Volume 638, June 2020
|Number of page(s)||31|
|Section||Planets and planetary systems|
|Published online||11 June 2020|
Planetary evolution with atmospheric photoevaporation
I. Analytical derivation and numerical study of the evaporation valley and transition from super-Earths to sub-Neptunes
Physikalisches Institut, University of Bern,
Accepted: 5 February 2020
Context. Observations have revealed in the Kepler data a depleted region separating smaller super-Earths from larger sub-Neptunes. This can be explained as an evaporation valley between planets with and without H/He that is caused by atmospheric escape.
Aims. We want to analytically derive the valley’s locus and understand how it depends on planetary properties and stellar X-ray and ultraviolet (XUV) luminosity. We also want to derive constraints for planet formation models.
Methods. First, we conducted numerical simulations of the evolution of close-in low-mass planets with H/He undergoing escape. We performed parameter studies with grids in core mass and orbital separation, and we varied the postformation H/He mass, the strength of evaporation, and the atmospheric and core composition. Second, we developed an analytical model for the valley locus.
Results. We find that the bottom of the valley quantified by the radius of the largest stripped core, Rbare, at a given orbital distance depends only weakly on postformation H/He mass. The reason is that a high initial H/He mass means that more gas needs to evaporate, but also that the planet density is lower, increasing mass loss. Regarding the stellar XUV-luminosity, Rbare is found to scale as LXUV0.135. The same weak dependency applies to the efficiency factor ε of energy-limited evaporation. As found numerically and analytically, Rbare varies a function of orbital period P for a constant ε as P−2pc∕3 ≈ P−0.18, where Mc ∝ Rcpc is the mass-radius relation of solid cores. We note that Rbare is about 1.7 R⊕ at a ten-day orbital period for an Earth-like composition.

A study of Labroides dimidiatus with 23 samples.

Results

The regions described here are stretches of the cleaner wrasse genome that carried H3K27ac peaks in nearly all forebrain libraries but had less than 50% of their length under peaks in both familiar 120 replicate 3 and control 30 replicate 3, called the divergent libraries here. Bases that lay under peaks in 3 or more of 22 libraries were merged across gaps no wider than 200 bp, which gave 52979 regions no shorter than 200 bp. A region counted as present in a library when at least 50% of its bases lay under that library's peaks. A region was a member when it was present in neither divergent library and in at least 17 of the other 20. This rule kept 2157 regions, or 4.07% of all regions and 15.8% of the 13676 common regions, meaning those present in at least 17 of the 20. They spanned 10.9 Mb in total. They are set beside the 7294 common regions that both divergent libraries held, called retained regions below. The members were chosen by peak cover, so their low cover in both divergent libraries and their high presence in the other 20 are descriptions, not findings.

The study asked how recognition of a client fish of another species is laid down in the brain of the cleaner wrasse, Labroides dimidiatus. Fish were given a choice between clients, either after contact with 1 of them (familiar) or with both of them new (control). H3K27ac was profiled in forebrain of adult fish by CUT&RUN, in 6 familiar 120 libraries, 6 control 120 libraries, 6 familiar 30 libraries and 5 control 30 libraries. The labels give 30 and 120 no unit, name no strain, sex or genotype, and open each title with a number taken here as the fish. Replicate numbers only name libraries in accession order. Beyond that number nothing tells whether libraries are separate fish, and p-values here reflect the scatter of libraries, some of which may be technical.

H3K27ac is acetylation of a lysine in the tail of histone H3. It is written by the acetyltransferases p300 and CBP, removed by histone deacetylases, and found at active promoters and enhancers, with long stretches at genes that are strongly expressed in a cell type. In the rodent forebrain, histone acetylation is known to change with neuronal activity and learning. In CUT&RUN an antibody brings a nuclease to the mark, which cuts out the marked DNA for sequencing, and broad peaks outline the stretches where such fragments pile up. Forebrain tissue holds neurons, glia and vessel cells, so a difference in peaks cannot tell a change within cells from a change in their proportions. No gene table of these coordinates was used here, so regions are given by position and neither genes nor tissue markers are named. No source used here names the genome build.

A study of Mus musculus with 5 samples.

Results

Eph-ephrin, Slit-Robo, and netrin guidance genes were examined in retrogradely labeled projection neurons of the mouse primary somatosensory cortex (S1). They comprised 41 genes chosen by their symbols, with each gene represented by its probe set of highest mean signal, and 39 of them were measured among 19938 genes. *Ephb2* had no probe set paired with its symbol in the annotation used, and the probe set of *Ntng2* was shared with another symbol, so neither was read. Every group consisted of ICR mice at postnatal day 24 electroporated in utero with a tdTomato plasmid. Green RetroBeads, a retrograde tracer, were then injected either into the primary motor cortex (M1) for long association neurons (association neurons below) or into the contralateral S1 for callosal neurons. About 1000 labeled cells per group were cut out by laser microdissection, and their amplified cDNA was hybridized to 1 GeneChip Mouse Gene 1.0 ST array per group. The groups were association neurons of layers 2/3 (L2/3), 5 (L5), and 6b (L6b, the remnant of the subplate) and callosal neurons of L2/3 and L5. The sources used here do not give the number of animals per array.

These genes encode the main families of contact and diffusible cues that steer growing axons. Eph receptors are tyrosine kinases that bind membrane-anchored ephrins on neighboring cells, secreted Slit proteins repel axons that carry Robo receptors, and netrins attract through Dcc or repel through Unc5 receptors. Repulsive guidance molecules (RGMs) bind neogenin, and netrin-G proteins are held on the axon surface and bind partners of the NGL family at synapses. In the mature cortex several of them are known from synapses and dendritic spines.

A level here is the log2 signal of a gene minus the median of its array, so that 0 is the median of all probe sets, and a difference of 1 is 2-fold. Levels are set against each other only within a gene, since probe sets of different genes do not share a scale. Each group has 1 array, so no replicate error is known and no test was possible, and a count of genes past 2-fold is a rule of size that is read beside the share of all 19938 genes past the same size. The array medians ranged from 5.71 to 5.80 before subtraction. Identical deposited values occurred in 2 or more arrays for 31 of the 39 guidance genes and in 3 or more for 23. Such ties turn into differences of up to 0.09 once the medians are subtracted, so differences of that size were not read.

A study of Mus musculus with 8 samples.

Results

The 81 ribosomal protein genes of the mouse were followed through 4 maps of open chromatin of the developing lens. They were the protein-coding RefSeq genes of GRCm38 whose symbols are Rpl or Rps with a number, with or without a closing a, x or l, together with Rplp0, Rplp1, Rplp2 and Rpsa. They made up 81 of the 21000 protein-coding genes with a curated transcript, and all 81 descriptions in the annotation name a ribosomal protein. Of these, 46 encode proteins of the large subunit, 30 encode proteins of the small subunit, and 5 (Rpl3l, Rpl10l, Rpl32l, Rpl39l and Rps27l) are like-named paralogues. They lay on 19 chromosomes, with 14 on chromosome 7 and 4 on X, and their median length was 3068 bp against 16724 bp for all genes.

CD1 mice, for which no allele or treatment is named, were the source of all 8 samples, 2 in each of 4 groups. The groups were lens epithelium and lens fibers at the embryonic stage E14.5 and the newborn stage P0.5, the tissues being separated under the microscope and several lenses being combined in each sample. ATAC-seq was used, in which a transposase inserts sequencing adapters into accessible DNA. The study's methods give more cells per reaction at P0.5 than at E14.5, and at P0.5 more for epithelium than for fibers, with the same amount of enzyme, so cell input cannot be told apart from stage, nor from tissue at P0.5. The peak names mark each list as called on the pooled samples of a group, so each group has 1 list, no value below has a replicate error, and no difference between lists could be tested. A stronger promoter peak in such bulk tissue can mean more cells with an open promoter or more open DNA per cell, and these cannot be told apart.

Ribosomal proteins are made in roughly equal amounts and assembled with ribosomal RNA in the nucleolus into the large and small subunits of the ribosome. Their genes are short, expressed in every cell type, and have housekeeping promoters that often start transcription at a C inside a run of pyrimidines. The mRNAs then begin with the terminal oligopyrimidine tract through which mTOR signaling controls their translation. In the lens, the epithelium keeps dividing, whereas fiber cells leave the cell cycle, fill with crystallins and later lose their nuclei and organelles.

Conclusions. The numerical results are explained very well with the analytical model where complete evaporation occurs if the temporal integral over the stellar XUV irradiation that is absorbed by the planet is larger than the binding energy of the envelope in the gravitational potential of the core. The weak dependency on the postformation H/He means that the valley does not strongly constrain gas accretion during formation. But the weak dependency on primordial H/He mass, stellar LXUV, and ε could be the reason why the valley is so clearly visible observationally, and why various models find similar results theoretically. At the same time, given the large observed spread of LXUV, the dependency on it is still strong enough to explain why the valley is not completely empty.
Key words: planetary systems / planets and satellites: formation / planets and satellites: interiors / planets and satellites: atmospheres / planets and satellites: composition
© C. Mordasini 2020
Open Access article, published by EDP Sciences, under the terms of the Creative Commons Attribution License (http://creativecommons.org/licenses/by/4.0), which permits unrestricted use, distribution, and reproduction in any medium, provided the original work is properly cited.